But if they are broken?
The Observer and ‘Comment is Free’ were asked if they would take an online response to an article in this Sunday’s Observer about the Central Hill estate in Upper Norwood, which they declined.
The problem with Rowan Moore’s article ‘Housing Estates: If they aren’t broken…’ is that he overlooks the very reason that the council started working with residents of the Central Hill estate, which is that very large parts of it are ‘broken’.
My experience of visiting residents on the north-facing estate over the last six years as the local ward councillor is not to be shown sun-filled rooms filled with mid-century Danish furniture as the photo in the article illustrated but rather to be brought into people’s homes to be shown the thick black mould in children’s bedrooms that won’t go away no matter how many times it is cleaned off or painted over.
The council’s own estimate of how much it would cost to deal with widespread damp, mould, asbestos, sewerage problems, dilapidated kitchens and bathrooms is in excess of £18m, a figure that an external expert advising residents on the estate has suggested could be too low. This in a borough where the gap between the cost of bringing all homes up to a decent standard, and the council’s available budget now stands at about £85m. This isn’t about talking down where people live but if the money isn’t available to carry out refurbishment, then it would be wrong not to look at possible alternatives for residents.
That’s before we get onto how ‘broken’ the wider housing market is. Many estates, Central Hill among them, were built to be low-density estates at a time when London’s population was low and thought by many to be in terminal decline.
London’s built environment hasn’t kept pace with the huge resurgence in the city’s population and, while I’m not qualified to debate architectural merit with an architecture critic, as a Londoner I do feel safe in saying that there is no solution to the housing crisis that doesn’t involve building more homes.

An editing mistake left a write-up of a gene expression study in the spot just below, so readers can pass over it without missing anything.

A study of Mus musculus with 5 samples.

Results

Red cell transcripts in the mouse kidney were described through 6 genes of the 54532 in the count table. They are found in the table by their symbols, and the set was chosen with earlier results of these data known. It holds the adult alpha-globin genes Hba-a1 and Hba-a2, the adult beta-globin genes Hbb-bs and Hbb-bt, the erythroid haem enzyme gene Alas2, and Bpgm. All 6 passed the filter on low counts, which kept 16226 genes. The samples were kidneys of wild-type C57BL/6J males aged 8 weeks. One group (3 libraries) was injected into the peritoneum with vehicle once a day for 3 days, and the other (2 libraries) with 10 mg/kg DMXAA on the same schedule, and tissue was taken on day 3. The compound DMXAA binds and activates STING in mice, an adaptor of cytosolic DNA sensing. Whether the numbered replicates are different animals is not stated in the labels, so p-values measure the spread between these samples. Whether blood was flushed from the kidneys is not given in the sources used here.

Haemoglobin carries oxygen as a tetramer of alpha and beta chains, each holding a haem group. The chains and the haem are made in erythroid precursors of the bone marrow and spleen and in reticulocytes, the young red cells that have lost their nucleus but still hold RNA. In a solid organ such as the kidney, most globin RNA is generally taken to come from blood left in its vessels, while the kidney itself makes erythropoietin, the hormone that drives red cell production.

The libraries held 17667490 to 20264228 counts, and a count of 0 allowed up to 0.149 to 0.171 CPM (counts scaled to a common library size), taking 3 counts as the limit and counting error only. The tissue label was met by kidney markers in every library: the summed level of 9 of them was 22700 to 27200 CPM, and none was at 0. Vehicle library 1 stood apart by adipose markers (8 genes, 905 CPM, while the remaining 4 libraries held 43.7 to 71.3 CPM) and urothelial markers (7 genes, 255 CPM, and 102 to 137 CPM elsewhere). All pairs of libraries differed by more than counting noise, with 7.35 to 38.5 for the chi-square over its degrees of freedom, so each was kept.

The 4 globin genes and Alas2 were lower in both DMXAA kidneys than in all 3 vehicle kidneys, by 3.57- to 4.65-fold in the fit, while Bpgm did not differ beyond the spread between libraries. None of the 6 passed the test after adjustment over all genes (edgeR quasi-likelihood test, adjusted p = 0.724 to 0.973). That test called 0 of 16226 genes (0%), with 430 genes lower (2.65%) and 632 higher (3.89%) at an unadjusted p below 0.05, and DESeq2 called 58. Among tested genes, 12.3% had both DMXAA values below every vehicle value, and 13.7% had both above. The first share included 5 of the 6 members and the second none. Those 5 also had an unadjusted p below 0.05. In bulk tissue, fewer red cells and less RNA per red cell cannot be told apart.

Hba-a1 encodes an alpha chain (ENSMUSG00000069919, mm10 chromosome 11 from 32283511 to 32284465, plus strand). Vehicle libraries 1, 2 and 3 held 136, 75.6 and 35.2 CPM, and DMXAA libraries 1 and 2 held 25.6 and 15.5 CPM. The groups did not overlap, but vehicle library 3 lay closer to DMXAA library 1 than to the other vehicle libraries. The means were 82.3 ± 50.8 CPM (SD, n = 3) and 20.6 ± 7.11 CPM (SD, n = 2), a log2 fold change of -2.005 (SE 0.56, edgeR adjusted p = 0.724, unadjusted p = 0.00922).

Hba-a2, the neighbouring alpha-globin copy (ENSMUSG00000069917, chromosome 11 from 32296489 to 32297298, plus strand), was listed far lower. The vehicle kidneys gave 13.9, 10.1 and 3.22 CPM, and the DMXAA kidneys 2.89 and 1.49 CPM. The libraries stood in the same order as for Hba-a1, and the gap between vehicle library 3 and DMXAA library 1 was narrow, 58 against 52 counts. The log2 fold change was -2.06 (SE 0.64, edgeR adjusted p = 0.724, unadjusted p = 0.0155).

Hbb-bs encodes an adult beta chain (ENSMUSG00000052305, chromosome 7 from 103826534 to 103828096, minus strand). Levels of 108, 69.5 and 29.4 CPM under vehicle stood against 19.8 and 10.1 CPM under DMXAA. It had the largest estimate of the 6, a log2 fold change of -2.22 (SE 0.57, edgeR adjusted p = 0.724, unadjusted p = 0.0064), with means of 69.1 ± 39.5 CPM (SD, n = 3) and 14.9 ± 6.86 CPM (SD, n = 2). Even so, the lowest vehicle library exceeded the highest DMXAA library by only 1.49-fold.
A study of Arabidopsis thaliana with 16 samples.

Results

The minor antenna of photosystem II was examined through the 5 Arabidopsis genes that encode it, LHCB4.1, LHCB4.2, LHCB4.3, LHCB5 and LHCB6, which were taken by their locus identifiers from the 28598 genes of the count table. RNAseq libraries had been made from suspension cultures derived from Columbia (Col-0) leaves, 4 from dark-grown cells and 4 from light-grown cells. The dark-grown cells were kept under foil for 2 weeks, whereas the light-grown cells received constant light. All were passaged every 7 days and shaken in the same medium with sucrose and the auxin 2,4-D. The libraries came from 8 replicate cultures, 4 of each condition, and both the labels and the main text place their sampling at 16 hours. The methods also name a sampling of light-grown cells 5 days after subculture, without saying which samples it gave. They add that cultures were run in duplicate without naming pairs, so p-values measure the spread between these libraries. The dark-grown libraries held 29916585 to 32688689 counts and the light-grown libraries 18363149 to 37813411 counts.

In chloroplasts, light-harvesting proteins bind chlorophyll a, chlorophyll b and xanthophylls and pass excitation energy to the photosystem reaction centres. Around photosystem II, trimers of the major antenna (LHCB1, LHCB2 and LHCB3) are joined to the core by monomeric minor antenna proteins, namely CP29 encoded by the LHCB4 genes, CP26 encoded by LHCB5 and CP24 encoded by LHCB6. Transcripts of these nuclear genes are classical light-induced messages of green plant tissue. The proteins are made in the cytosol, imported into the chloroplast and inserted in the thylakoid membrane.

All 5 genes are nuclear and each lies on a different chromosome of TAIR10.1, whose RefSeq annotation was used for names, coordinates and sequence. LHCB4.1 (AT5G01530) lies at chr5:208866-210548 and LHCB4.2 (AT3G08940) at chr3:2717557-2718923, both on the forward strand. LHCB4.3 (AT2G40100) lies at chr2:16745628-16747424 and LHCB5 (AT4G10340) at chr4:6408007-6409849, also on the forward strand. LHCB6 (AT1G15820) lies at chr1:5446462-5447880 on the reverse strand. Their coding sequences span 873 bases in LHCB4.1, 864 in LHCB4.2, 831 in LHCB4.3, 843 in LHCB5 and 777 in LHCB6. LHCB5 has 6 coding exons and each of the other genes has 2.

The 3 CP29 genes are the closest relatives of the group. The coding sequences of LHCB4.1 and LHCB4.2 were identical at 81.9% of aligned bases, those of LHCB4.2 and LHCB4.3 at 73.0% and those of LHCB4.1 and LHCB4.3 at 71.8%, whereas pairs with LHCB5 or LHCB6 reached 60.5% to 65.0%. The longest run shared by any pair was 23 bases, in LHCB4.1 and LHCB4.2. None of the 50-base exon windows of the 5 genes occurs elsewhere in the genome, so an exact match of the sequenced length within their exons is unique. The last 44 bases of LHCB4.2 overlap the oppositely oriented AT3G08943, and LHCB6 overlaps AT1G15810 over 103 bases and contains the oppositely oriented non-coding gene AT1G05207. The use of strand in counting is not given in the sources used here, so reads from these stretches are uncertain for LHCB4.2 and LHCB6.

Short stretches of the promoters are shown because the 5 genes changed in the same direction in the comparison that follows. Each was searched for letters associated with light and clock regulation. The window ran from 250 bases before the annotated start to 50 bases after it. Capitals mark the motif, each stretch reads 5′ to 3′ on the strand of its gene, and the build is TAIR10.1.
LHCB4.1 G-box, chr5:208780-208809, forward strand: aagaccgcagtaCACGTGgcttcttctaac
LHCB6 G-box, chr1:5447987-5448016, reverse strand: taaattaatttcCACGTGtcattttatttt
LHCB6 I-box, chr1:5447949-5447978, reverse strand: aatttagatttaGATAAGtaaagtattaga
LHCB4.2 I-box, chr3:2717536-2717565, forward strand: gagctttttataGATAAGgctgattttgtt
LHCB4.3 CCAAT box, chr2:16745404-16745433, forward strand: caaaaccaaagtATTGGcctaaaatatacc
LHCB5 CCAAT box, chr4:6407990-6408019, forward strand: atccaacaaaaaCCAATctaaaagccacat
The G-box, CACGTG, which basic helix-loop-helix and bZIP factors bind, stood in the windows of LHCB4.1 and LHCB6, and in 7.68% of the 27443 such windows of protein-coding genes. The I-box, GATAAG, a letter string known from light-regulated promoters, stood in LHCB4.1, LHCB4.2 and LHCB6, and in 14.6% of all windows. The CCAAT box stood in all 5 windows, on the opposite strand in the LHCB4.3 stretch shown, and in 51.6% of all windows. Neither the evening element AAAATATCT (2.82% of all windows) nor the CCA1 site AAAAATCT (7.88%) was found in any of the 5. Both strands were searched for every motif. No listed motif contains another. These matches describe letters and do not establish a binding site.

On Central Hill itself over a quarter of residents say they are overcrowded, partly as the estate wasn’t designed with any two bedroom properties. At one consultation event a mother took me aside to tell me that she lives in a studio flat on the estate with her eight-year-old daughter and is stuck, unable to secure a bigger council flat given the shortage of family-sized homes and unable to afford the rents in the private market.
Across Lambeth as a whole over 21000 people are on the council’s waiting list for housing and, damningly, over 1800 families are now homeless, including nearly 5000 children. The government’s Housing and Planning Bill will make the shortage of genuinely affordable housing even worse and the need for council’s to provide leadership in the housing crisis even greater.
Rowan Moore is quite wrong to say that there is a plan to sell off lots of homes to fund any possible rebuilding of the estate. Lambeth is following a radical and ambitious housing policy which builds homes for rent for people on different incomes. First to increase the number of homes for council rent, with over 600 given the green light by Lambeth’s cabinet since the 2014 election, but also to build homes for private renters, offering them more security and certainty about tenure and rent levels than an unregulated private market currently offers.
Proposals approved by Lambeth in recent months for Somerleyton road in Central Brixton and estate regeneration on three estates: Westbury, South Lambeth and Knights Walk don’t feature plans for any homes for sale other than to re-provide for existing homeowners.
For Central Hill no decision on the future of the estate has been made and the consultation with the whole estate is due to start soon. This whole process is, to say the least, difficult and stressful for residents of the estate. No matter what those options for the future are, it would be wrong for the council to shy away from confronting the reality that we face or to simply put off any decision in order to avoid any negative publicity.
For the wider debate about the housing crisis, about the quality of people’s homes, the strength of their community and how this city builds the homes we need, it would be enormously improved if we focussed a little less on the whimsy of architecture journalists and a little more on the housing needs of real people.